Wednesday, July 22, 2009

Hospitalera in Corcubion - Day 2

Isa and I share a small room. There are two beds, a bedside table and a desk. No cupboard to hang clothes so they hang on hook on the walls.
I am an early riser so I got up quietly at 6h00 and crept downstairs to put on the kettle, the coffee, boil the milk and cut the bread for breakfast. Isa came down soon after and we put out jams, biscuits and melba toast for breakfast. One by one the pilgrims came down heading for the coffee machine or the hot milk to make chocolate - ColaCao. One of the pilgrims who had looked really tired the night before and who didin´t participate in the singing or conversations was decidedly perky! He put on Dire Straits CD(Masters of Swing?) and was bobbing and boogeying to the music. I joined him and we did a synchronized hand jive at the head of the table to much applause from the pilgrims! We managed to get them all out and on their way by 9am and then started cleaning. I told Isa that I would do upstairs so I started by straightening all the beds, folding blankets, dragging a big plastic bag around picking up bits of plaster papers, old leaflets, a couple of empty water bottles and clearing out the bins in the rooms and the bathrooms. Then I swept the floors in the bedrooms and mopped the floors and then I started in the bathrooms. I wiped down the walls and scrubbed the floors in the showers, scrubbed the toilets - yes, I really did! - and the washed hand basins. I swept the stairs down to the lower level and passed Isa on the way down. Once I´d put all the trash in the large tip-bin outside the albergue I went back upstairs to find Isa now mopping the floors and washing the walls in the showers!
!No! No!" Isa, "I said, "I have done the rooms upstairs. Completo".
She just laughed. We decided that we needed to communicate better. I asked if I could use the washing machine to wash my pilgrim clothes and we added the albergue towels, dishcloths and a few pillow slips to the machine. At 9h15 there was a ´toot! toot!¨outside from the "panaderia' (bakery van) and we grab the bread bag and go together to buy bread for the day. We prefer the fat round cottage loaves to the long bacquets and bought 4 just in case we had another full house. When we had done all the chores we sat and wrote a shopping list. Isa´s friend, Lola, came to take us shopping.

Our first mishap - Isa slammed the door with the keys still in the lock and one of the keys got stuck in the frame. We jiggled it and wriggled it but it wouldn´t budge. We couldn´t open the door and we couldn´t take the other keys off the ring. Eventually I managed to shovel it up and down far enough to get the circlular part out and use a nail file as leverage. Finally we got the key out. But we couldn´t open the door so Isa telephoned Begona who gave us the number for a locksmith. He was very quick and soon the door was open and we were on our way to town. We sat at a terraced restaurant where I had a coke and Isa had a Martini! We then did the shopping. You have to put a Euro coin into a slot in the shopping trolley before you can push it around the store which you get back whn you return it. Carrefour is a huge shopping chain and they had most of the things we needed at reasonable prices.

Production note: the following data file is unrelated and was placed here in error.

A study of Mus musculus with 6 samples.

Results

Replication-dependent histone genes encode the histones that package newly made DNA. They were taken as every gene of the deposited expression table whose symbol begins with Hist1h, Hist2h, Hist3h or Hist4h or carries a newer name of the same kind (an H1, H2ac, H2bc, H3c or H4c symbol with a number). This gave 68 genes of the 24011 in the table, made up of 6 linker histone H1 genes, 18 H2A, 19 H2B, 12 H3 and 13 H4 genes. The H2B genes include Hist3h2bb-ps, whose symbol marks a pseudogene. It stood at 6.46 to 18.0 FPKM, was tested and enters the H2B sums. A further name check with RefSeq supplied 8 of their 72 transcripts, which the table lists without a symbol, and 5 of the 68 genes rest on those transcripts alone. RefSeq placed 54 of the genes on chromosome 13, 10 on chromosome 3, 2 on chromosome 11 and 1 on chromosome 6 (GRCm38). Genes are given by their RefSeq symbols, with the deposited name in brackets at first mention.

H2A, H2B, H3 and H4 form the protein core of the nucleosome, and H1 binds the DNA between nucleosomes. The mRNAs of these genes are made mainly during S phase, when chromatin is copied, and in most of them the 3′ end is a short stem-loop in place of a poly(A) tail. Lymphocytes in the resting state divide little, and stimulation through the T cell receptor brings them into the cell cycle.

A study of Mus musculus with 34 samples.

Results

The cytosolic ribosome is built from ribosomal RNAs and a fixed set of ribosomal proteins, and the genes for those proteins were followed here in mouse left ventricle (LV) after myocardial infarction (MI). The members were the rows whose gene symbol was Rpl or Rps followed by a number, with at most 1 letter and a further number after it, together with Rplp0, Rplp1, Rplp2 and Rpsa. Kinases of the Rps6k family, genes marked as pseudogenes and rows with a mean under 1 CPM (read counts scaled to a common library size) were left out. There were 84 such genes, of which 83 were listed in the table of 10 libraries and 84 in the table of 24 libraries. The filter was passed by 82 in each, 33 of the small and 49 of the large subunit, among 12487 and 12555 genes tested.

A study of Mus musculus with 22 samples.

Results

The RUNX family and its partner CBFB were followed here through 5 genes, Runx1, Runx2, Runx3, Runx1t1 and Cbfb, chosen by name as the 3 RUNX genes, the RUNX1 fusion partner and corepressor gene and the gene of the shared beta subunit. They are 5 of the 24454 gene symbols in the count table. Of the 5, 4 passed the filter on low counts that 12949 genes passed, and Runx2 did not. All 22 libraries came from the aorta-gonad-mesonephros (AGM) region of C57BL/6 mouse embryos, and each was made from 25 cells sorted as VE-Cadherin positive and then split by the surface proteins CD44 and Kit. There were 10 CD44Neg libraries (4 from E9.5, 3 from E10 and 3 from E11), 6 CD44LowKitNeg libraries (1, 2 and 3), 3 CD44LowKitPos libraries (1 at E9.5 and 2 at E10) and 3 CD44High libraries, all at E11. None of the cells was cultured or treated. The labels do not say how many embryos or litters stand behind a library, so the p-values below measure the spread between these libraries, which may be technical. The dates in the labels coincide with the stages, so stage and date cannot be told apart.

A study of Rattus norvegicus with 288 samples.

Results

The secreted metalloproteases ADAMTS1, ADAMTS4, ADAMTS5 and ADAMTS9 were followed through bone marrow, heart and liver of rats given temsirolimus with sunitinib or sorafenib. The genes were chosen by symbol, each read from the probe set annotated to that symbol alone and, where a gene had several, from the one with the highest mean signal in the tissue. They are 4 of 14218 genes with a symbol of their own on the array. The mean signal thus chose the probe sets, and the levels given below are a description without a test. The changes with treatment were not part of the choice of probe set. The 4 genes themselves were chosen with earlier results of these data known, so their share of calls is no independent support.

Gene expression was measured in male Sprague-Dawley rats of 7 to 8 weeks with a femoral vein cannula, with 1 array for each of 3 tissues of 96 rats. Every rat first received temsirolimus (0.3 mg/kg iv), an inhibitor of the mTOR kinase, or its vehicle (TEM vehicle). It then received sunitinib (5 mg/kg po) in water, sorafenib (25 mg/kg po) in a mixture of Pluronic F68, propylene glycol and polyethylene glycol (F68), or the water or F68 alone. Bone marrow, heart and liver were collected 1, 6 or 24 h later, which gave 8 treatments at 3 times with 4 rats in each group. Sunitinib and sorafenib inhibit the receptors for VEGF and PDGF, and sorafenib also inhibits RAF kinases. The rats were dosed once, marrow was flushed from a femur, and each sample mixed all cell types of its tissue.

By 3pm we only had one pilgrim. By 4pm there were 3 and in the end we only had 7 pilgrims. "There will be another late pilgrim" said Isa. "I don´t think so," I replied. "OK. We take a bet" she said. "If there are no more pilgrims I will buy you coffee tomorrow". "Alright" I said "and I will buy you a Martini!" By the time we sat down to dinner Isa´s hopes of a free martini had faded.
It was a beautiful day and from the upstairs windows you could actually see the village of Finisterre as well as the lighthouse at the top at Carbo Finisterre. At night the sweeping lights of the lighthouse shine into the rooms and one can hear the fog horn sending off its mournful "whoooo...whooooooo..." Finisterre is about 9km away and the lighthouse 12kms away. We returned to the albergue and unpacked the shopping. During the day an occasional pilgrim will knock asking for a sello (stamp in the pilgrim passport) or to use the toilet and children come to play in the park. There was a large cabbage in the fridge and I offered to make a salad. "With this?" she asked, incredulous. "Si - es delicioso!" I said. She pulled up her nose - Isa doesn´t like cabbage. I made a cole-slaw salad with finely shredded cabbage, grated carrots, chopped oranges, a few red pimentos and chopped olives. Then I made a dressing with mayonaise, garlic salt and olive oil. It was delicious and there wasn´t a scrap left at the end of the meal. I also made another green salad and placed the little yellow lemon peel arrows on top again much to the delight of our pilgrims. This time Isa cooked a risotto and added chopped sausages. We had miniature ice-creams for desert and these went down very well. After dinner the two Swiss-German girls - Sarah-Jayne and Leah - played guitar and sang folk songs. Pietro, an Italian pilgrim, had a sore foot so I gave him a foot massage and he got tears in his eyes. He said it was the sweet singing of the young girls and the caring of the hospitalera. Dear, dear pilgrims. They all went to bed at around 11pm and once again Isa and I set the table for breakfast and went to bed. The lights from the lighthouse sweeping across the bay from Finsiterre to Corcubion was hypnotic and I don´t remember falling asleep.